The bean counters, meaning the financial experts, at all of the major online travel companies have their work cut out for them as they monitor and try to predict the shape and timing of any potential travel recovery. These companies need to be nimble, and hoard their cash.
The biggest challenge for the online travel sector in 2021 is the shape of the travel recovery, and the myriad issues that flow from whatever scenario takes hold.
Whether a travel recovery gets under way in second half of 2021 after a significant number of people got vaccinated, assuming the shots are as effective as advertised, or there are further setbacks and delays in a potential rebound will affect the liquidity of all the major online travel companies.
Having chopped expenses and products, laid off staff, and taken various steps to attract new funding or debt financing, the question looms whether online travel companies have enough cash to get them to the other side of the pandemic, or whether they would have to make deeper cuts or seek additional funding again.
At the end of the third quarter, the latest statistics available, Booking Holdings had $11.1 billion in cash and cash equivalents available, China’s Trip.com Group had $9.7 billion in its coffers, Expedia Group had access to $4.3 billion, a pre-IPO Airbnb had $2.7 billion in cash and cash equivalents on its books, and Tripadvisor trailed with $446 million.
When you consider these companies’ total expenses for the first nine months of an admittedly topsy-turvy 2020 compared with their cash on hand at the end of September, then China’s Trip.com Group ($9.7 billion in cash versus $1.75 billion in operating expenses) and Booking Holdings ($11.1 billion in cash versus $6 billion in operating costs) were looking especially cash-rich while Expedia and Airbnb appeared more challenged.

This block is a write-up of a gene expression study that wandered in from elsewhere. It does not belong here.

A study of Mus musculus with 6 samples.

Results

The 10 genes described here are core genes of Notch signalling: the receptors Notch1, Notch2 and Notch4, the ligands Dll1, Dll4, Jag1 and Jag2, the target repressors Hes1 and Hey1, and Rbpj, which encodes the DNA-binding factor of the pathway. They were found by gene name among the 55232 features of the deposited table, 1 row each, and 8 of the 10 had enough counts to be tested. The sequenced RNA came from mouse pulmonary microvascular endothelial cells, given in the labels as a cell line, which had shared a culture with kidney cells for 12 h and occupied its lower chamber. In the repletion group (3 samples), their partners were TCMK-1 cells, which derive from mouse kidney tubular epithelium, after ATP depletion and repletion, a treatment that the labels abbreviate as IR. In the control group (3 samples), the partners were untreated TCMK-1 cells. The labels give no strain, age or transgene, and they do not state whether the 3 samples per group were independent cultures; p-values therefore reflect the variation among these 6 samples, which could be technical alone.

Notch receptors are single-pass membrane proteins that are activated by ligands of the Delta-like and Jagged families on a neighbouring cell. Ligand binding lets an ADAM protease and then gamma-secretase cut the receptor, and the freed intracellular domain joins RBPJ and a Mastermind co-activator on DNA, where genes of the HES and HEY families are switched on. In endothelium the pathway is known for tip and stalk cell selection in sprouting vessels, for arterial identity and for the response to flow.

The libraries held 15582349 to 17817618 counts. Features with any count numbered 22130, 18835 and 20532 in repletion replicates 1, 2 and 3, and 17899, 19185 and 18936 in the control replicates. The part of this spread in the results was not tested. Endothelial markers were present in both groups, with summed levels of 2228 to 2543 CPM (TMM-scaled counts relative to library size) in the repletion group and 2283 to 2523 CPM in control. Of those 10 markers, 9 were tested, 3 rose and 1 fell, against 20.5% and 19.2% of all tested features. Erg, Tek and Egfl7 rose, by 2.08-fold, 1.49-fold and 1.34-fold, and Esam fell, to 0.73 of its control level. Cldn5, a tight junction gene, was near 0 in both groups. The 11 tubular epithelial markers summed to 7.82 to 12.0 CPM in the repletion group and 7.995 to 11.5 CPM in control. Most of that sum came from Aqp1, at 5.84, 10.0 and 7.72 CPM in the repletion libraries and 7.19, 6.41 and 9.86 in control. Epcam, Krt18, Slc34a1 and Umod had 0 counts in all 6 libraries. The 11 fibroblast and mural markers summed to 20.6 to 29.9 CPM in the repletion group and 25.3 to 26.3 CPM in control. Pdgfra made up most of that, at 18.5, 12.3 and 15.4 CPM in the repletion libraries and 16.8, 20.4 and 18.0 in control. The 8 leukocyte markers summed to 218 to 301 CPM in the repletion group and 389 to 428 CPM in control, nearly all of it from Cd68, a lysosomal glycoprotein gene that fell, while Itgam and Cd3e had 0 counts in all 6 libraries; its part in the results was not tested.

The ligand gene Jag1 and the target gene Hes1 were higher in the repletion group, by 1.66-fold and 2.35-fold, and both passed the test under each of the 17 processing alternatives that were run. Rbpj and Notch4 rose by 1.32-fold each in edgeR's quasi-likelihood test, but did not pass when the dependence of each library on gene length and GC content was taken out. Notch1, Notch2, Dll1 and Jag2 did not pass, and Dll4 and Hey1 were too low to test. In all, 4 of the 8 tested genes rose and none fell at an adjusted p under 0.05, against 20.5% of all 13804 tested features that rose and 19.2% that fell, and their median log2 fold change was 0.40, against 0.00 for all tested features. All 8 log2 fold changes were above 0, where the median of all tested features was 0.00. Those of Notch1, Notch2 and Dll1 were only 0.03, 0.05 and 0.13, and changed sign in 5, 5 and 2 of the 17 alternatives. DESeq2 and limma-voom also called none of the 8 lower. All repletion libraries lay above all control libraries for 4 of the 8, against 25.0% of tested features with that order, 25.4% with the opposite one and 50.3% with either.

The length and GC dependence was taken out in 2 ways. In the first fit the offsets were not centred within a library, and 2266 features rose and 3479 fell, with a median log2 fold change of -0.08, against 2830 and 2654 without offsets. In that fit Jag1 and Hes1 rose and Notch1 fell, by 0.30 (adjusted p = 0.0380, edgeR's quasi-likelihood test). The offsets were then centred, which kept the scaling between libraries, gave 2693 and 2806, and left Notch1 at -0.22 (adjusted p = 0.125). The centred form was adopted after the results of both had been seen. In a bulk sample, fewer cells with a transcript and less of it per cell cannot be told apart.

But this doesn’t take into account companies’ additional fundraising after September 30. For example, although Airbnb had operating expenses of around $3 billion during the first nine months of 2020 and only $2.7 billion of cash and cash equivalents as of September 30, Airbnb raised about $3.5 billon in its December IPO earlier this month.
And, looking ahead as far as operating expenses in 2021, all of the companies reduced them in 2020.
Not Abstract Numbers on a Balance Sheet
The timing of any travel recovery and the relevance of each company’s liquidity status are of course not mere balance sheet entries but have huge strategic implications.
For example, does Airbnb have enough cash to restart investing in its hotel business, which it paused in the spring?
Can Booking Holdings, which laid off 25 percent of its workforce, as did Airbnb, bring back any of these now-former employees in late 2021 or 2022 on the back of a travel recovery?
Can Trip.com Group, which saw an earlier travel recovery than its Western peers, pull the trigger on a major acquisition if it is confident that the travel recovery in China is solid?
Rest assured that the CEOs and chief financial offices of all of these major online travel companies have gamed out various fundraising scenarios based on the timing and strength of a travel recovery.
The shape — and not just the timing of a recovery — has huge implications, as well. If hotels come back strong and push direct bookings, then that could adversely impact online travel agencies.
If short-term rentals maintain their edge over hotels in a recovery, then Airbnb could potentially eat further into Booking Holdings’ business.
If U.S. travel bounces back faster than the European or Asian markets, then Expedia could be a beneficiary as compared with Trip.com Group and Booking.com.
If the recovery in 2021 spikes and then dips as a tentative travel comeback did in 2020, then many of these companies will either have to reach out to lenders again next year and/or make deeper cuts in expenses.
Their companies’ survival depends on it.